Student & Faculty Research

Brain Theatre

A psychologist and an actor examine the impact of acting classes on aging.

Sir Ralph Richardson, the British stage actor, called his profession “the art of keeping a large group of people from coughing.” Helga and Tony Noice have their own take on the actor’s craft, one that is less jaded and altogether original.

The couple, both Elmhurst College faculty members, believe that the specialized techniques that actors use to bring their characters to life may also be employed to delay or even reverse cognitive decline among the aging. They are engaged in a collaborative research project that draws creatively on their respective expertise in psychology and the theatre.

The Noices are investigating whether training in various acting techniques—from role-playing skills to interpretive methods—might have a positive effect on cognitive functioning in older people. Over the last seven years, they have completed a series of three related studies, one in Switzerland and two in the Chicago area. They discovered that after their elderly research subjects received instruction in acting—a new experience for them—the subjects experienced significant improvement in memory and other cognitive functions. Their general sense of psychological well-being also improved.

“The more stimulation you offer the brain, the more you increase the chances that the brain will remain healthy throughout your life,” says Helga Noice, a professor of psychology. “The acting process produces a particularly high degree of stimulation.” An actor, she notes, needs to be engaged on many levels: emotional, physical, and intellectual. All of this complex activity appears to alter neural connections in the brain.

Their innovative, interdisciplinary research project is a perfect fit for Helga Noice, a cognitive psychologist with expertise in human memory, and Tony Noice, a professional actor who teaches theatre and speech as an adjunct professor at Elmhurst. The couple spent many years studying acting from a theoretical point of view, looking at how the expertise of actors differs from that of scientists, musicians, and visual artists.

In 1996, the government of Switzerland invited them to conduct a pilot study in which they taught the techniques of stage acting to older adults. The subjects’ verbal recall and recognition improved, even though they were not taught any memory techniques. “New research indicates that the brain is much more plastic than we thought,” says Tony Noice. “The brain can literally be modified through activity. This is what we are trying to do with acting. In the training we emphasize that the participants must actively put themselves in the place of the character—to intimidate, placate, or plead with someone for real.”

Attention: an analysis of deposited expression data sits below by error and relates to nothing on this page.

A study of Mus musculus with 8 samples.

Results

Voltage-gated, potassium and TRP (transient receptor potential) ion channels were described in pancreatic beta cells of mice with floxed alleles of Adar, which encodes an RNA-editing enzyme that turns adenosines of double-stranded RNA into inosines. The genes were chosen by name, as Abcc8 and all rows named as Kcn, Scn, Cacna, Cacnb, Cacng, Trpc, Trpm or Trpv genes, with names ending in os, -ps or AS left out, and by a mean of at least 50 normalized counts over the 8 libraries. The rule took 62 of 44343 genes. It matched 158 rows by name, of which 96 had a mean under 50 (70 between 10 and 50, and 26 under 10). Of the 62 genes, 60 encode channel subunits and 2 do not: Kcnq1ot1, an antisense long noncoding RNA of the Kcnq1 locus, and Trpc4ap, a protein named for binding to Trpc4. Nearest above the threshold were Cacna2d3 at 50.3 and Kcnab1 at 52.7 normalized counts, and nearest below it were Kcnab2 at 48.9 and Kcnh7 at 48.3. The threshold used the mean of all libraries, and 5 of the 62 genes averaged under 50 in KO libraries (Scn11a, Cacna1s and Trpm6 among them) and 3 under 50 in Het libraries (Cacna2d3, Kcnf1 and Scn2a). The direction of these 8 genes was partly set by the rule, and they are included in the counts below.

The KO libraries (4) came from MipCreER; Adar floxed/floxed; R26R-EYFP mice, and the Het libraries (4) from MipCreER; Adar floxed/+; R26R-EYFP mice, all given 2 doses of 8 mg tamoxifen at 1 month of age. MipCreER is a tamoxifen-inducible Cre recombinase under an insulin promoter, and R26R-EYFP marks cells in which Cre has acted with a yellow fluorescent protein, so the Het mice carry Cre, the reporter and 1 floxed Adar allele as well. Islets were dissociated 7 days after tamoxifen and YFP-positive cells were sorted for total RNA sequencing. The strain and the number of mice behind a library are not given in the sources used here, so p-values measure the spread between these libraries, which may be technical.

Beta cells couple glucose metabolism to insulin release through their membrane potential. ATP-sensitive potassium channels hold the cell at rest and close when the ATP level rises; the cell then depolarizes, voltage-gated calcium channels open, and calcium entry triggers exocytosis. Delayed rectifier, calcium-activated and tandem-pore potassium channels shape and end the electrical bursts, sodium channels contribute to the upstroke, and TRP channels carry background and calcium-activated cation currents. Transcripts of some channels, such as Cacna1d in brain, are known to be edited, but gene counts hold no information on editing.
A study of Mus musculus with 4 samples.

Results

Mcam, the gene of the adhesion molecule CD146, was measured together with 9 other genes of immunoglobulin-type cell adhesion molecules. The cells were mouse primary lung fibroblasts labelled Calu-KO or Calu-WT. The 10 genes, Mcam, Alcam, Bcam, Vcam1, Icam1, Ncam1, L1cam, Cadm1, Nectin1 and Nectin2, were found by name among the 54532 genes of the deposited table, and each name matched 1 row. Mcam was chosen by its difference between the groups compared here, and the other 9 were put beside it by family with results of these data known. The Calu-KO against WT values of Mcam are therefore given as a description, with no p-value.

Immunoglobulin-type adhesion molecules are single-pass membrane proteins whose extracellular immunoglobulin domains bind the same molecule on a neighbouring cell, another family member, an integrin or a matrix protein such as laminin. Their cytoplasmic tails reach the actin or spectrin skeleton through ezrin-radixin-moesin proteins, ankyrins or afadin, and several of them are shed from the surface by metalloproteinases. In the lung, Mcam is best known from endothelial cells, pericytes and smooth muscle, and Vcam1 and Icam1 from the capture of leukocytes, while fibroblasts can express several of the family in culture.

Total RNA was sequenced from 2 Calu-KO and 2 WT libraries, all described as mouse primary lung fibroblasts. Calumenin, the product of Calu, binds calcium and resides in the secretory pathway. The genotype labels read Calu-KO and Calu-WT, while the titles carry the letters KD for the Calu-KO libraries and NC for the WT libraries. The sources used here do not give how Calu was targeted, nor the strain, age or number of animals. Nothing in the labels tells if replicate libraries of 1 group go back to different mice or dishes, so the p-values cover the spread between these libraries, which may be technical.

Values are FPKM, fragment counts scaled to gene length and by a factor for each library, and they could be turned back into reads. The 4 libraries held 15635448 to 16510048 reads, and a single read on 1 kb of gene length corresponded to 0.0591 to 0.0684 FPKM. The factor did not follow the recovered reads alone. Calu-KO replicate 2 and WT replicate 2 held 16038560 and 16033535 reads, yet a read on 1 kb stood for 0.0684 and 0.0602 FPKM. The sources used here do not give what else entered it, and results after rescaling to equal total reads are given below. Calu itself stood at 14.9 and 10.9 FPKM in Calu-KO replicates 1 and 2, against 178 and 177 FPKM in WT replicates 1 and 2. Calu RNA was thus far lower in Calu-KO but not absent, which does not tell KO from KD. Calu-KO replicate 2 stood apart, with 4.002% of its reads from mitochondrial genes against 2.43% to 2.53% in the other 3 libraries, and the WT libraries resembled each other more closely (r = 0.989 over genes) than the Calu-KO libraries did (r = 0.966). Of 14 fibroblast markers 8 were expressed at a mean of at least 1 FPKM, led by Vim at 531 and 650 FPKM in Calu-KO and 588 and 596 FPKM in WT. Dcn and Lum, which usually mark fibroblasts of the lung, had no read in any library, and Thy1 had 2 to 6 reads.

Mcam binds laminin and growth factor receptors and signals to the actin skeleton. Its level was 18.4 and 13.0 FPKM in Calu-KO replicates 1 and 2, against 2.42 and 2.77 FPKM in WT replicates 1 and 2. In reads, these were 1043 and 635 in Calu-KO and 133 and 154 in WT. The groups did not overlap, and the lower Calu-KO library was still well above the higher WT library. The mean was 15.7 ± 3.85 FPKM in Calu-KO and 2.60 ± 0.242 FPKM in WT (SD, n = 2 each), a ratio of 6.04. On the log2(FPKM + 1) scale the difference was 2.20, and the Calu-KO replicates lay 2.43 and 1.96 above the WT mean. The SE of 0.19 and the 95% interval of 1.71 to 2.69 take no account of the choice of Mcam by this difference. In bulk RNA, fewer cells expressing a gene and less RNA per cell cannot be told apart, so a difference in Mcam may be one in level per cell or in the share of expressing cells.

In 2001, Helga Noice received a three-year grant from the National Institute of Aging (NIA) to conduct further research, this time including the visual arts. The 124 participants in the NIA study were predominantly college-educated older adults who lived independently in the western suburbs of Chicago, drove themselves to the training site, and were an average of 73 years old.

One group acted as a control and received no training. A second group received visual arts training twice a week for four weeks. Lynn Hill, an associate professor of art at Elmhurst, led the visual arts component; she had the participants view and evaluate paintings. The third group were trained in the theatre, also for four weeks. Tony Noice encouraged each of his subjects to go well beyond the scripts, to interpret each character’s personality and motivations.

When the subjects were tested at the end of the study, the visual arts group showed measurable improvement in cognitive skills. The theatre group showed, as it were, dramatic improvement. Their word recall improved by 18 percent; their problem-solving ability by 55 percent. In addition, the theatre students showed a substantial improvement in their perceived quality of life. All of these benefits continued to be observed four months after the sessions ended.

Recently, supported by a grant from the Elizabeth Morse Charitable Trust, the couple went to work with residents of Plymouth Place, a continuing-care community in LaGrange Park. The study group included 18 people—average age, 82. They came from both the independent living and the assisted living sections of Plymouth Place. This time, the participants studied acting only.

As in the earlier study, the cognitive skills of the participants improved in several areas, including word recall, working memory, and problem solving. Their self-esteem also improved. What’s more, a little theatre group has sprouted at Plymouth Place, with Tony Noice providing direction. In December the group staged the short melodrama The Widow’s Plight.

In future research, the couple would like to study less educated populations, to see if they can obtain the same improvement in mental and emotional well-being. They also hope to compare the impact of acting with that of other creative activities, such as painting, music, and creative writing.

The impact of their findings may someday have a substantial impact on an aging population. “If we can keep our cognitive powers as long as possible,” says Helga Noice, “we can avoid premature loss of independence and lead more fulfilling lives.”